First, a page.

O'Reilly: Imperfect fathers have to be better than none at all
William F. B. O'ReillyWilliam F. B. O'Reilly
O'Reilly works as a corporate and political communications consultant. He
Before I had children, I thought I was going to be really good at it; now I'm just trying to hang on by my fingernails until my three daughters -- 16, 15 and 6 -- are old enough to set out on their own.
I laugh now at the idealistic plans I once had -- weekly dinners featuring the food, culture and history of different parts of the world; Sunday sessions where my daughters would teach me what they learned in school during the week, to better internalize classroom lessons; nightly prayers sung, like my siblings and I sang when we were kids; and weekend candlelight dinners like my parents had with us. My daughters were also going to have the dictionary memorized by the age of 12, or at least half of it.
In eight years, it's gone from that to:
"One more word and I'm dragging you to your room, young lady";
"Would you please not eat with your hands every night?" and
"Please, I beg you -- I BEG ALL OF YOU! -- to STOP screaming!"
It's the noise that gets me the most. It's not something I was at all prepared for. But raising children, I've learned, is loud. Very loud. Where I imagined three girls with matching bows perfecting dinner etiquette, there are 12-hour-a-day sessions of "I'm-not-touching-you!" As in:
Older sister: "Touch me one more time and I'll slap you!"
Six-year-old response (with finger hovering behind a neck): "I'm not touching you!; I'm not touching you!"
What bothers me most, though, is not my children's minor shortcomings (which really aren't shortcomings at all), but my major ones. I didn't see them coming either, but they are undeniable.
For one thing, I shout now. I didn't do that before I had kids. I'm also irritable half the time, when I used to be accused of having a sunny disposition. I work out of my house a lot, and as appealing as that might sound, I can feel it taking a toll on my youngest daughter. She comes into my office begging for attention at night, and my eyes stay glued to the keyboard. Or it's, "Shh! Daddy's on a work call." I can feel it damaging her self confidence -- how can she even understand what a job is? -- but I have to get my work done. I didn't anticipate things like that when I was planning on being Father of the Decade.
Last week, I emailed my saintly wife from within our house during a particularly chaotic evening (she does all the heavy-lifting with the kids). All hell was breaking loose while I was trying to cobble together a half decent speech for a client. I wrote: "I can't take it any more. I really can't."
I got this perfect reply: "You don't have a choice."
And she was 100 percent correct, because there is no choice. Period. You just deal with it.
I've thought about her answer all week while reading pre-Father's Day stories about the decline of the paternal role in America and the toll it's taking on children in everything from academic success, to drug use, to suicide statistics. Yet the number of fathers abandoning mothers and children grows every year.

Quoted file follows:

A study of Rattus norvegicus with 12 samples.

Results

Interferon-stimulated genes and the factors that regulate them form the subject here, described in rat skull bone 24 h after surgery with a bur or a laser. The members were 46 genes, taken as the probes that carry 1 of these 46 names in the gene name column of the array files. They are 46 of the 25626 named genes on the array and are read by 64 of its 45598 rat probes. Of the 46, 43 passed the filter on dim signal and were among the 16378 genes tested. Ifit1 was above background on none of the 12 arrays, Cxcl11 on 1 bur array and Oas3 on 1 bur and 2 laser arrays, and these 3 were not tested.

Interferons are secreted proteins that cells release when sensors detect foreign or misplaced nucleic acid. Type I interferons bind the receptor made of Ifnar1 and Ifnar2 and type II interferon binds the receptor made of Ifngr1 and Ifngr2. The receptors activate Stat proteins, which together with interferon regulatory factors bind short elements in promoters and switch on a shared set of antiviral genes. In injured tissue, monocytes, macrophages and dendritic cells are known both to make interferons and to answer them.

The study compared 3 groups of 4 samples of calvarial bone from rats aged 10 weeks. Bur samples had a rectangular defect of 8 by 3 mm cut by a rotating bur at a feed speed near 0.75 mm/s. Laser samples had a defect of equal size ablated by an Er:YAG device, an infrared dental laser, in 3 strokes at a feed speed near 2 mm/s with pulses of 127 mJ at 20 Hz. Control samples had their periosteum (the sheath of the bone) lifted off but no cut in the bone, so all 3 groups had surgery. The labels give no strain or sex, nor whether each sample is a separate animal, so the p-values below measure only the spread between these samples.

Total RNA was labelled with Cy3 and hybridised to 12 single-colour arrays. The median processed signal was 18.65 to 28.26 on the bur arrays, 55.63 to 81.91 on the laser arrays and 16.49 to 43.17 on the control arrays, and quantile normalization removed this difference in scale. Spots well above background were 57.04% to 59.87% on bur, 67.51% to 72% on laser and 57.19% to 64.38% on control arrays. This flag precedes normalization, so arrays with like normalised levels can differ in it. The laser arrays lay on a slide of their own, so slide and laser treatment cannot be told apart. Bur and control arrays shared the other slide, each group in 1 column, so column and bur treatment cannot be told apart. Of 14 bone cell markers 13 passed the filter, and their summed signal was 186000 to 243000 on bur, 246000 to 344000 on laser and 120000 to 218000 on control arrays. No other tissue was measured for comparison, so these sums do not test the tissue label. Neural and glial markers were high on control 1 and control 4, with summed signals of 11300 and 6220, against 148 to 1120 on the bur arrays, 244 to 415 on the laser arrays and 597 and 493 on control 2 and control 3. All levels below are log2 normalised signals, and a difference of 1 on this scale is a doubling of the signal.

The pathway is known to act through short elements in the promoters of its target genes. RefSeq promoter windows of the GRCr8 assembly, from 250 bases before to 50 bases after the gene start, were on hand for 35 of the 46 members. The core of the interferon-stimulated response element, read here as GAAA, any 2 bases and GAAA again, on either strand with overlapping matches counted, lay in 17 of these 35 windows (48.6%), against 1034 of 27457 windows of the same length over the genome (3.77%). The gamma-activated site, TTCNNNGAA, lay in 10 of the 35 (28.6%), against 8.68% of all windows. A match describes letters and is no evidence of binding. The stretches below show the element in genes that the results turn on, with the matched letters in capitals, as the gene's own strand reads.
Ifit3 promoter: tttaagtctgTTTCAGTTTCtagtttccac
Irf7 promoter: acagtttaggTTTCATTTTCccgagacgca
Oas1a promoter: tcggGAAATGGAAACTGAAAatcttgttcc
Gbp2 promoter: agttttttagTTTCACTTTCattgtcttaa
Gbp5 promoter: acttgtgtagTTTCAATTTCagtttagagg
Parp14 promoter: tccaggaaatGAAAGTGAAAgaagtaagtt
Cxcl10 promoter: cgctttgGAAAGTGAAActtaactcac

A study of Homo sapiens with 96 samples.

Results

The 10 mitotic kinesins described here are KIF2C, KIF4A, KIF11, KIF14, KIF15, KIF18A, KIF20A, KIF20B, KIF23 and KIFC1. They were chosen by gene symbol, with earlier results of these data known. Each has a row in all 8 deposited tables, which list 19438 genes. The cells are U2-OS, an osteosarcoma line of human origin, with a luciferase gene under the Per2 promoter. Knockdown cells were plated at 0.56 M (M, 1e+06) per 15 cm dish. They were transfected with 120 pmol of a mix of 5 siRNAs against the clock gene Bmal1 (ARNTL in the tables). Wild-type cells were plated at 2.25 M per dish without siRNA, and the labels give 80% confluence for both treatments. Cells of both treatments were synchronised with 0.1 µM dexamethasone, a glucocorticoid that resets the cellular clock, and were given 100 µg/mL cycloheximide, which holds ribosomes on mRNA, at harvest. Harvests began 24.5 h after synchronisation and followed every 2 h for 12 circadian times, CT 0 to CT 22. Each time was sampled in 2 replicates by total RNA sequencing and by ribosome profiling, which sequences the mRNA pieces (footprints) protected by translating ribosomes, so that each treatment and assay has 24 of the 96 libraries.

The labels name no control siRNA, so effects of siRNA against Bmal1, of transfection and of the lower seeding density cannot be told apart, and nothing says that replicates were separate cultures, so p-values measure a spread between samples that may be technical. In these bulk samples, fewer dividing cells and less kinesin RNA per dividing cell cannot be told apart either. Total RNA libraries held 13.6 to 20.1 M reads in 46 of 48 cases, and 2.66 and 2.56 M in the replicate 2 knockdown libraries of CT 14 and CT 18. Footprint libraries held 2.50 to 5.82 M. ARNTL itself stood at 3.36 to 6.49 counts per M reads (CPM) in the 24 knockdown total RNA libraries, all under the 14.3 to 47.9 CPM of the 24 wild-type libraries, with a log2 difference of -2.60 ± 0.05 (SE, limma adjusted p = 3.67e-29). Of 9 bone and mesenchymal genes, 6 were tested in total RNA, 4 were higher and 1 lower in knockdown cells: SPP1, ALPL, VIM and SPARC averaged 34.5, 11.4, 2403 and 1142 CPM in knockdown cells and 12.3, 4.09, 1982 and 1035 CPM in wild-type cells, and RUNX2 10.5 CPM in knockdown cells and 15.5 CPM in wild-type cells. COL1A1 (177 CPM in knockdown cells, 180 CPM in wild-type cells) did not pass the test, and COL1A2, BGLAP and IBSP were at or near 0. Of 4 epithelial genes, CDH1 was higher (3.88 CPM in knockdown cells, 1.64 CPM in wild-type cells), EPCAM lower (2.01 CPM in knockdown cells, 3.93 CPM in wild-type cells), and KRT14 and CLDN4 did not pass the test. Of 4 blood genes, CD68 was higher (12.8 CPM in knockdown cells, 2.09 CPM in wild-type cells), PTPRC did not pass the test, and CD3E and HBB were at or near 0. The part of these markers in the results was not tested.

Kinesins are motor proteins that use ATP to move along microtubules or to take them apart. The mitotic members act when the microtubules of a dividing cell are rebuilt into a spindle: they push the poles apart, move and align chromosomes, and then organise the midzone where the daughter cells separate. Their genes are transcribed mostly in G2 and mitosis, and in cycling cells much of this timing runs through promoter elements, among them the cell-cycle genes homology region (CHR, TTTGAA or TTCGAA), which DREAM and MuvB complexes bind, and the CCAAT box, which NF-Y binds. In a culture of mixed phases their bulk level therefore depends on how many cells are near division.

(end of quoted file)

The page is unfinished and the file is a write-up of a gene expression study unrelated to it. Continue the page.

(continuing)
Fatherless homes now constitute the majority of households in African-American communities. Sixty-seven percent of black children in this country live in single-parent households, according to the Annie E. Casey Foundation. In Hispanic households, it's 42 percent; in non-Hispanic white families it's 25 percent. And in Asian or Pacific-Islander homes it's 17 percent, according to the Foundation. That doesn't mean fathers outside the home aren't playing an active role in the lives of their kids in every instance -- I know plenty of divorced fathers who are knee-deep in child-rearing -- but in far too many cases it does. It also doesn't mean there aren't terrific and loving single family households, because there are.
The pressures of parenthood must be much greater for fathers in less fortunate circumstances than mine, but I can't help thinking that it's peer comparison that causes so many fathers in minority communities to walk away from families. In the culture in which I was raised, abandoning one's children is not an option. But in others, it has become one, and an option, hammering away at the synapses day after day, can wreak havoc on one's ethical constitution.
What I most didn't realize before becoming a father, though, is how extraordinarily rewarding it is. Now that I know what fatherhood is, I could never go back to a life without children. Life simply wouldn't be worth living without my three girls.
They may all end up on psychiatric couches complaining about me one day, but at least it will be proof I was around, however imperfectly. Evidently, that's good for something.
William F. B. O'Reilly is a Newsday columnist and a Republican political consultant.